Recent research from equity release adviser Key, finds more than 11.6 million people in the UK have received an inheritance in the past 10 years. Currently, the average age of heirs receiving a windfall of inheritance is 47 years old which means on average 22% of adults will have already received an inheritance.

The research found that of those who had received inheritance, 51% were left money by their parents, with the average pay-out around £65,600. While 19% received cash from grandparents and around 16% were left money by uncles or aunts.

A report by Tower Street Finance revealed that many beneficiaries used their inheritances to help with their retirement fund (16%) and paying off credit cards or other debts (19%). Property was also found to be a large focus of inheritance proceeds, revealing that 1 in 5 beneficiaries planned to use their inheritance monies to pay off their mortgage and many using their inheritance to buy a first home.

However, while property was a huge part of an inheritance, 45% of UK adults plan on selling any property they inherit. While spouses and civil partners are the only family members completely exempt from inheritance tax on their homes, 73% still plan on leaving their estate to their children, step-children and grandchildren. But with increasing house prices pushing more estates into liable territory (The average property in London is valued at £487k, way over the £325k threshold) beneficiaries could even see inheriting the family home as more of a burden.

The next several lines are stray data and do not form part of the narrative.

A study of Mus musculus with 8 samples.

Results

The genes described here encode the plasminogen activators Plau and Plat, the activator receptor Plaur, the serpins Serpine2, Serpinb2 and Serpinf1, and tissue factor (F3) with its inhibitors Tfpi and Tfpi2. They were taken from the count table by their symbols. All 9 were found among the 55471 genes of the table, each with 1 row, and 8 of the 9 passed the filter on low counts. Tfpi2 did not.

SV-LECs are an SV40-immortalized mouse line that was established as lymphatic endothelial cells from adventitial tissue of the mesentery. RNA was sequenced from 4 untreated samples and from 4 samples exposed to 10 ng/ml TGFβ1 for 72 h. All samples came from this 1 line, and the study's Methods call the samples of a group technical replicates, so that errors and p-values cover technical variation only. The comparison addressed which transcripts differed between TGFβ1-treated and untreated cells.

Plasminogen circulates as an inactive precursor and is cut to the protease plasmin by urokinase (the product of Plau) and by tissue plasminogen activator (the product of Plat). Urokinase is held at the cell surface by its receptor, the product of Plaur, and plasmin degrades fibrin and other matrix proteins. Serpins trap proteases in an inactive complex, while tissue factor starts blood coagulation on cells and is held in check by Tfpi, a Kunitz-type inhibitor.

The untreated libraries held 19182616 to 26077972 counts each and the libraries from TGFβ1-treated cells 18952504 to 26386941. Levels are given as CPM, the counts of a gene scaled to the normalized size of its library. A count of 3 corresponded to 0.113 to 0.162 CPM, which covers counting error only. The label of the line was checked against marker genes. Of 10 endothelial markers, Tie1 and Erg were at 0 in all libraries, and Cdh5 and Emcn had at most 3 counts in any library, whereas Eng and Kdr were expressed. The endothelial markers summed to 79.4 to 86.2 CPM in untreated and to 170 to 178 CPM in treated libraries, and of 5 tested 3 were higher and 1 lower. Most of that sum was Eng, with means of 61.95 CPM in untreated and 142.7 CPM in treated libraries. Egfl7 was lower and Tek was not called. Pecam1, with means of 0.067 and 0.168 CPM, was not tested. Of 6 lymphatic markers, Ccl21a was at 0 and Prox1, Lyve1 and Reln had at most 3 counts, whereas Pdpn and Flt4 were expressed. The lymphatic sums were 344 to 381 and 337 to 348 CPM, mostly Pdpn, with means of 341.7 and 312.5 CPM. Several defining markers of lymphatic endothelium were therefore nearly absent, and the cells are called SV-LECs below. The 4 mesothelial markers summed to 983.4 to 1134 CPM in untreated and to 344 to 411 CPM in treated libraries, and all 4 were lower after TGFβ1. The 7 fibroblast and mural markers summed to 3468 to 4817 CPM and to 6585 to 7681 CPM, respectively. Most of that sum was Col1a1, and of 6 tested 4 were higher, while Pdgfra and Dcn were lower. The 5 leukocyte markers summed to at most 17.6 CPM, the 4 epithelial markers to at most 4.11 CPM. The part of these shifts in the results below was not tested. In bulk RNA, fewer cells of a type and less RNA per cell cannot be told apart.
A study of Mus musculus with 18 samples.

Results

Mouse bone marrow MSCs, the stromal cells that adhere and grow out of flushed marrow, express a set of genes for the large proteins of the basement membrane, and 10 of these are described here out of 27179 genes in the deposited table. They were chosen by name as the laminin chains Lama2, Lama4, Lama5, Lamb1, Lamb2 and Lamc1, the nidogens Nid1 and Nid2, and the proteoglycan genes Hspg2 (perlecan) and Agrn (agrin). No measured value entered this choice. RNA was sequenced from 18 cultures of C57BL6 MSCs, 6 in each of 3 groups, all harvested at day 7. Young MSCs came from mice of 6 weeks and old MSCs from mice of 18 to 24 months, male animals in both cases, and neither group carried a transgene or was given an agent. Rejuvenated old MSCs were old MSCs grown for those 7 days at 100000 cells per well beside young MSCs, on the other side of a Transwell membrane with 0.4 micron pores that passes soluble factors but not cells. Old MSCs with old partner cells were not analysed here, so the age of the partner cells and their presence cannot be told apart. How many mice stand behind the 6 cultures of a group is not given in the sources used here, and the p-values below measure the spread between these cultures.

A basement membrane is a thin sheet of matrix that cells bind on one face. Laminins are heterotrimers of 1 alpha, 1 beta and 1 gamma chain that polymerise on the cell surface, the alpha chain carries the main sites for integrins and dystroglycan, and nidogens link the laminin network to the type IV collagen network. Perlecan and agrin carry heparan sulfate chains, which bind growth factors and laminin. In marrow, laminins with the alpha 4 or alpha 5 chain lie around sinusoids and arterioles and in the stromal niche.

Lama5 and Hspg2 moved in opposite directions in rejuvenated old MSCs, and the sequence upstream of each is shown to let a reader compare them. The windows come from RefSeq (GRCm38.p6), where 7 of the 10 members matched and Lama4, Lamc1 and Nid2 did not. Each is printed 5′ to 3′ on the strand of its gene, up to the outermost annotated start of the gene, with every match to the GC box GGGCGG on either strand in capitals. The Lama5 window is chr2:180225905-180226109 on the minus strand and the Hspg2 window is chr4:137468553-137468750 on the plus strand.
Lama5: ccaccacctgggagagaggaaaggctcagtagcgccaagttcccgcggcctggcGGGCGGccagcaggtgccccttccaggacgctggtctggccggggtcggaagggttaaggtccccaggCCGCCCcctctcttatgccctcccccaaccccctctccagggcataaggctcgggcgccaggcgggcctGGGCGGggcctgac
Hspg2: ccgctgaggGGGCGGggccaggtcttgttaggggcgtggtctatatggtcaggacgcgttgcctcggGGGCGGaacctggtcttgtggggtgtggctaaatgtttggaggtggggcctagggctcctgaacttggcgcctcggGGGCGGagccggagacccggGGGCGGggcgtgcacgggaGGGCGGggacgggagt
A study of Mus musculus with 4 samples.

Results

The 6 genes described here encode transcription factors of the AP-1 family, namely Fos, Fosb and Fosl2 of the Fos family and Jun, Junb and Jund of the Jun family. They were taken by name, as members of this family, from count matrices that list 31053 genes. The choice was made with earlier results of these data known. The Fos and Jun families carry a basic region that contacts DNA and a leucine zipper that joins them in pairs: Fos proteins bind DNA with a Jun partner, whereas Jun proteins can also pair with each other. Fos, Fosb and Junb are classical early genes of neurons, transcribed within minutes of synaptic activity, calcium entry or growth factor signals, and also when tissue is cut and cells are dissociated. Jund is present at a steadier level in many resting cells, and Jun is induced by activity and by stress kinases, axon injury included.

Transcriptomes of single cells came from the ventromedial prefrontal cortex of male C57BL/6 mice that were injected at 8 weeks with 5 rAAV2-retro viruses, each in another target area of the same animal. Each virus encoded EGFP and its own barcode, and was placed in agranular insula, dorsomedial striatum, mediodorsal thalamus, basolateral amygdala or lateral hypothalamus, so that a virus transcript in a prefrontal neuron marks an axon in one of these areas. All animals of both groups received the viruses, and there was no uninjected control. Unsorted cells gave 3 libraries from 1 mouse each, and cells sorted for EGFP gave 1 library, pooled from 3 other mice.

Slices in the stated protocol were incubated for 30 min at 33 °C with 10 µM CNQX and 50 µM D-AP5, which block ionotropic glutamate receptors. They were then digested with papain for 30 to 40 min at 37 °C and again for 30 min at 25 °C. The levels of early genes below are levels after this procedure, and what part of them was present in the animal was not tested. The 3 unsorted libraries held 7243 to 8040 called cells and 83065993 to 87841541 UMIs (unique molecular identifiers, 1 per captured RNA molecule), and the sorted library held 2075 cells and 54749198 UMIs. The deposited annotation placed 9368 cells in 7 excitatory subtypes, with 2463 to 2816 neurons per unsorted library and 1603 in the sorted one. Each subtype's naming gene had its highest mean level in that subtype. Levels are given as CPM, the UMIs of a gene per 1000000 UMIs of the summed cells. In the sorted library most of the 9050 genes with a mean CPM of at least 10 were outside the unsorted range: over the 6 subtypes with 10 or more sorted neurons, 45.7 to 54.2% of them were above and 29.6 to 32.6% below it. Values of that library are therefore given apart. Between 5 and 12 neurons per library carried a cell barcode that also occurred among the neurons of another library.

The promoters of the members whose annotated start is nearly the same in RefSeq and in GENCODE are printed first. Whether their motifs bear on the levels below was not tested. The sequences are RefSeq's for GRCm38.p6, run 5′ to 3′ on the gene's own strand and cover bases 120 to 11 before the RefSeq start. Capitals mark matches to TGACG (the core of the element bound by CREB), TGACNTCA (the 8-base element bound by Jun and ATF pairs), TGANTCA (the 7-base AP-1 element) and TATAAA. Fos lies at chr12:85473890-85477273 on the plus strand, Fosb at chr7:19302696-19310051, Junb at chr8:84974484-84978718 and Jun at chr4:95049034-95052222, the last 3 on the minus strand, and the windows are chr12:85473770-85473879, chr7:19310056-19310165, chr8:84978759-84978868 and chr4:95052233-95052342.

Furthermore, the report also found that that the majority of UK adults have a limited understanding of inheritance and intestacy rules, or how long the probate process takes and so a large proportion of adults haven’t planned ahead and made a Will.

Tower Street Finance Director, Dicky Davies said: “The realities of avoiding the topic of inheritance are stark. The number of people dying in the UK without a Will is higher than ever, and more people are being forced into legal battles over inheritance disputes, with the Ministry of Justice claiming that the number of court cases has now reached record levels.”

The absence of a Will can be an issue for beneficiaries who may be reliant on pay-outs if they are excluded. In these instances the Laws of Intestacy determines who will inherit the estate.

Fraser and Fraser is a firm of international probate researchers, we are dedicated to supporting the legal profession in cases where the deceased hasn’t left a Will. We trace missing heirs and beneficiaries to unclaimed estates worldwide by developing partnerships and working relationships with professional genealogists around the world.